Last week Phia completed the marathon task of swimming Loch Awe, here is her story.....
Loch Awe was a long, tough swim on probably the best day we’ve had in Scotland all summer. The sun heated me and the water resulting in water that was that tad warmer than expected – it started off at 12.4 ºC, peaking somewhere in the 15 ºC range for a short period before going back to the 14 ºC range it was for most of the day.
It was a long swim: I started the swim at Ford at 06:30 on 18 July, and finished 00:38:30 on 19 July when I crossed the line of buoys in front of the Awe Barrage 38.1km later. The 18h 8m 30s of the swim was spent mostly lost in my own thoughts – I did some work in my head reorganising a course I’ll be teaching in September; mulled over some interesting bits of information, mostly from fellow swimmer Caroline, that Robert conveyed to me during feeds; when conditions got a bit rough I was inspired by the example of a South African swimmer Kiki who battled the tide in the EC last year for hours – I kept on telling myself that I have only wind to swim against, not a tide, so if Kiki could keep swimming with the tide head on then surely I can swim with just the wind; and when the swim seemed never to end, I prayed. A lot.
There were lots of highs and lows. Highs included sharing the experience with my fab crew, Robert and Stewart; eating some nice proper food from Racefood and Safari when I could (i.e. before nausea set in); enjoying the sun on my back; the unexpected warm water; those short periods where the water was just perfect for my stroke and personality, and just generally being there and swimming. Lows definitely includes the minute or so 13 hours into the swim when I finally acknowledged to myself that I was GATVOL (i.e. fed up) with the wind causing dishwasher conditions which made me feel like a puppet on strings (I pushed that genie back into its box super quick); the sun setting which meant the swim was getting on somewhat; that false promise of the end that turned out to be the lights from the roadworks between the Cruachan power station and the Awe Barrage and NOT the lights at the Awe Barrage I initially believed it was, and the nausea that required a lot of anti-motion illness tablets (I really should ask Stugeron to sponsor my big swims!).
For safety reasons (mainly) and for the sake of historical accuracy (an incidental discovery), we did not swim the swim route that the British Long Distance Swimming Association (BLDSA) officially recognises. This runs from Torran Bay (Ford) in the south through the central axis of Awe past Kilchurn Castle in the north to finish under the railway bridge where the River Orchy starts. Numerous recces over a few weeks of this BLDSA recognised end point left us certain that this is an unsafe and unswimmable end point for most of the year. And that it would be reckless to go that way. We faffed about looking for a safe end point around Kilchurn Castle until some proper historical research provided evidence that Loch Awe’s length of 41km/25.5 miles (which makes it the longest loch in Scotland and thus also in the UK) is obtained from measuring the distance between the Torran Bay (Ford) in the south, along the central axis, then turning west on its western extension along the Pass of Brander until the point where the River Awe starts (as opposed to continuing straight till past Kilchurn Castle). During the swim when we were approaching the western turn at Ardanaiseig I was really thankful about this decision – here I realised that we had forgotten about the safety of the crew and rib in our objections to the BLDSA end point. We had some trying conditions in the water from around 6/7 hours into the swim, mainly owing to the wind (both in terms of strength and chaotic direction) creating dishwasher conditions which simply did not let up until right at the very, very end (last 30 odd minutes) of the swim. If we had continued to the BLDSA end point the crew and the rib would have been at risk as well – in the dark it would have been a great challenge to manoeuvre the shallow parts that dominate most of the northern end of the loch around Kilchurn Castle.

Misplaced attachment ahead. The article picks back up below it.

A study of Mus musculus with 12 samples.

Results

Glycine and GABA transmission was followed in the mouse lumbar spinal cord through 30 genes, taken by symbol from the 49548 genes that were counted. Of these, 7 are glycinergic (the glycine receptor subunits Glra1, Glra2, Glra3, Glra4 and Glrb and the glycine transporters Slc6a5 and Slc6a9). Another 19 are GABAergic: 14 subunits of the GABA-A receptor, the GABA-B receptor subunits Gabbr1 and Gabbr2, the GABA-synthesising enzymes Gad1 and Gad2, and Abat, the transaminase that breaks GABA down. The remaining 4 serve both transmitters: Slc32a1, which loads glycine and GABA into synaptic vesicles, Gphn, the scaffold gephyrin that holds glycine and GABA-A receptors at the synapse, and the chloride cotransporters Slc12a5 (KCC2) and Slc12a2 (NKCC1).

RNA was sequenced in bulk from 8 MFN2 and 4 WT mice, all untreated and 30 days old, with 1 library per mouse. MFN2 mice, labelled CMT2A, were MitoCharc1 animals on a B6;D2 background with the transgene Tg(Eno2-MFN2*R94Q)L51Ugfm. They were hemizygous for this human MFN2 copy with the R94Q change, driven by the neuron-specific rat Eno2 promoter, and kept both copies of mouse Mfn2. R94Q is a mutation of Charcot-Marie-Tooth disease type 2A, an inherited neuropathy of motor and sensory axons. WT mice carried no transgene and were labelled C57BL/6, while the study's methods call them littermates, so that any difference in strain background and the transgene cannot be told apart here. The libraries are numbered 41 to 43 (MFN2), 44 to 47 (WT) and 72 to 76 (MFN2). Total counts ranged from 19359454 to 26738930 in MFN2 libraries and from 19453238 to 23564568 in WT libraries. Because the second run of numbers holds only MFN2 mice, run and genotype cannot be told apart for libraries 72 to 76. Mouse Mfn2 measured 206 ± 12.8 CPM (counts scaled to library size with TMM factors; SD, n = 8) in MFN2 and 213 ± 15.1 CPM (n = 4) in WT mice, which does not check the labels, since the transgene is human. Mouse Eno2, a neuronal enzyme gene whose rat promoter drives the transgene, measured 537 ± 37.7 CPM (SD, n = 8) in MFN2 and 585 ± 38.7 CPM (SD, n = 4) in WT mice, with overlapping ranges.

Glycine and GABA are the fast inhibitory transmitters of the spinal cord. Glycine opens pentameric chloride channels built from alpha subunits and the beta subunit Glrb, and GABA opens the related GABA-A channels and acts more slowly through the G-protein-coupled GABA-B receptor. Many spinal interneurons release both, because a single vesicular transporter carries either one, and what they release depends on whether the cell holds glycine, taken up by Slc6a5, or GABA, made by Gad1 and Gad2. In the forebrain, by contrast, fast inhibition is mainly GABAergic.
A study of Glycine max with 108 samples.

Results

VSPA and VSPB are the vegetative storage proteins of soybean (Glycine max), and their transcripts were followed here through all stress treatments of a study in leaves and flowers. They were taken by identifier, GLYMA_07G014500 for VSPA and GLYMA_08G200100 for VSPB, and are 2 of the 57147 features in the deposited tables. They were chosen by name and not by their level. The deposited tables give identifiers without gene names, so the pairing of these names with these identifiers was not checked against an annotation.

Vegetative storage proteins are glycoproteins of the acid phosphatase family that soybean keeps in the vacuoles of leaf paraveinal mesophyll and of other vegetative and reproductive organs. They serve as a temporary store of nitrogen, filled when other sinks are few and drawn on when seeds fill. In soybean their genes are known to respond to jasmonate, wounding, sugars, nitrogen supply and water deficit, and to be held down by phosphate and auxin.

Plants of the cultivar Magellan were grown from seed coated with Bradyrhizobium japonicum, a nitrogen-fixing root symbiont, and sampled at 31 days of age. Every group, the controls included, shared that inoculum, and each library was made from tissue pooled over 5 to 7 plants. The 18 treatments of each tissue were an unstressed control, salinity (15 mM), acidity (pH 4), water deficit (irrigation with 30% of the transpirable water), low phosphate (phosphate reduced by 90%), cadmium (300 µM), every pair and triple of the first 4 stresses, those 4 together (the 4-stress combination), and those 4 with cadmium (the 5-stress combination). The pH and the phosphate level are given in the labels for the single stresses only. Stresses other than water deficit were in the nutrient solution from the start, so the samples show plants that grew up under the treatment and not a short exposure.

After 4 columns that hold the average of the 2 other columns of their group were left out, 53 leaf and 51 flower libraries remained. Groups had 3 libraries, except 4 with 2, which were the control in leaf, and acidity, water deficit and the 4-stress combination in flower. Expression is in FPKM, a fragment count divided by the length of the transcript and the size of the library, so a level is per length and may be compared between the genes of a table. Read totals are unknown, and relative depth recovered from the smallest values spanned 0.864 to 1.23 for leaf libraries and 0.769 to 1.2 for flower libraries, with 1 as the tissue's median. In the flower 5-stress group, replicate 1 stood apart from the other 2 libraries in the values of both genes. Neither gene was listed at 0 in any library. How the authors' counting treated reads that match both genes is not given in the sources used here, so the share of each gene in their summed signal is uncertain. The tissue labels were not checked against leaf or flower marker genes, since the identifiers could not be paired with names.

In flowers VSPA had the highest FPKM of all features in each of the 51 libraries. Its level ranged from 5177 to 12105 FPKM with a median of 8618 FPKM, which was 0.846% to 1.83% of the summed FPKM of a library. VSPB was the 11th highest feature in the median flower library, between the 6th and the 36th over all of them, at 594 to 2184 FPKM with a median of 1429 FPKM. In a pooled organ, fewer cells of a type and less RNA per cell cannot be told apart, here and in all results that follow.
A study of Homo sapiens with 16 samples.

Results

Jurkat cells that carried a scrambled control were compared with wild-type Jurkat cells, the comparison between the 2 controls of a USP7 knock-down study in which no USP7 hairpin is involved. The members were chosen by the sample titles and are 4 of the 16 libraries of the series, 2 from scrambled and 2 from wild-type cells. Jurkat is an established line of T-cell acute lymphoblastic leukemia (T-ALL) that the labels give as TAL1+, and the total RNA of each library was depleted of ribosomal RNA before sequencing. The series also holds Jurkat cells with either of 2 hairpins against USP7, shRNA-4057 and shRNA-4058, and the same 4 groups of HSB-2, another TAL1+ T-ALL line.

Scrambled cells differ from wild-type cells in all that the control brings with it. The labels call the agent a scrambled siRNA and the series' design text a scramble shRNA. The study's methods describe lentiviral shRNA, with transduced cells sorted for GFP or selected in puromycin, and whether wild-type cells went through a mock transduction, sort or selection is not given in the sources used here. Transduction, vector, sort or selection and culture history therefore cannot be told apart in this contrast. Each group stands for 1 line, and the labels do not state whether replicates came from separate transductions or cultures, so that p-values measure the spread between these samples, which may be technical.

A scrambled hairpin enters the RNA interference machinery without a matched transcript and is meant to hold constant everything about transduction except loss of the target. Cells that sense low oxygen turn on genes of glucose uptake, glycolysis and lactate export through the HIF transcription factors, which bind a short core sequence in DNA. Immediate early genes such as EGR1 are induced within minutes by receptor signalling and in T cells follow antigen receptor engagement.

Like before I have lots of people to thank: the folks at Vigour Events (www.vigourevents.com) for organising my swim; Robert Hamilton and Stewart Griffiths who crewed for me, and Robin Law who passed on information to some of you as the swim progressed. We would like to thank Ardbrecknish House (http://www.loch-awe.co.uk/ ) for their generous support with accommodation the night before the swim, Cliff from Loch Awe Boats (http://www.loch-awe.com/things-to-do/boat-hire/) for all his support, and the temporary and more permanent inhabitants/anglers of Ardbrecknish who provided awesome support and showed an interest in a crazy swim in a manner that I have not yet encountered, and all you guys out there on who left messages of encouragement and congratulations. Your support and interest meant a lot and helped me keep going.
And lastly…. Should you be inspired by my Loch Awe swim, I would be grateful if you would consider donating to the Alexa Trust (UK Registered Charity Number 1168705) that raises money to support parents with babies in neonatal care. Simply forgoing a daily takeaway tea and coffee, that afternoon chocolate treat, or the evening drink, and donating the money to the Trust instead would already make a difference. More information on the Trust, the people involved and ways to donate can be found at: http://thealexatrust.org/
Next up is Loch Ness in September if all goes well.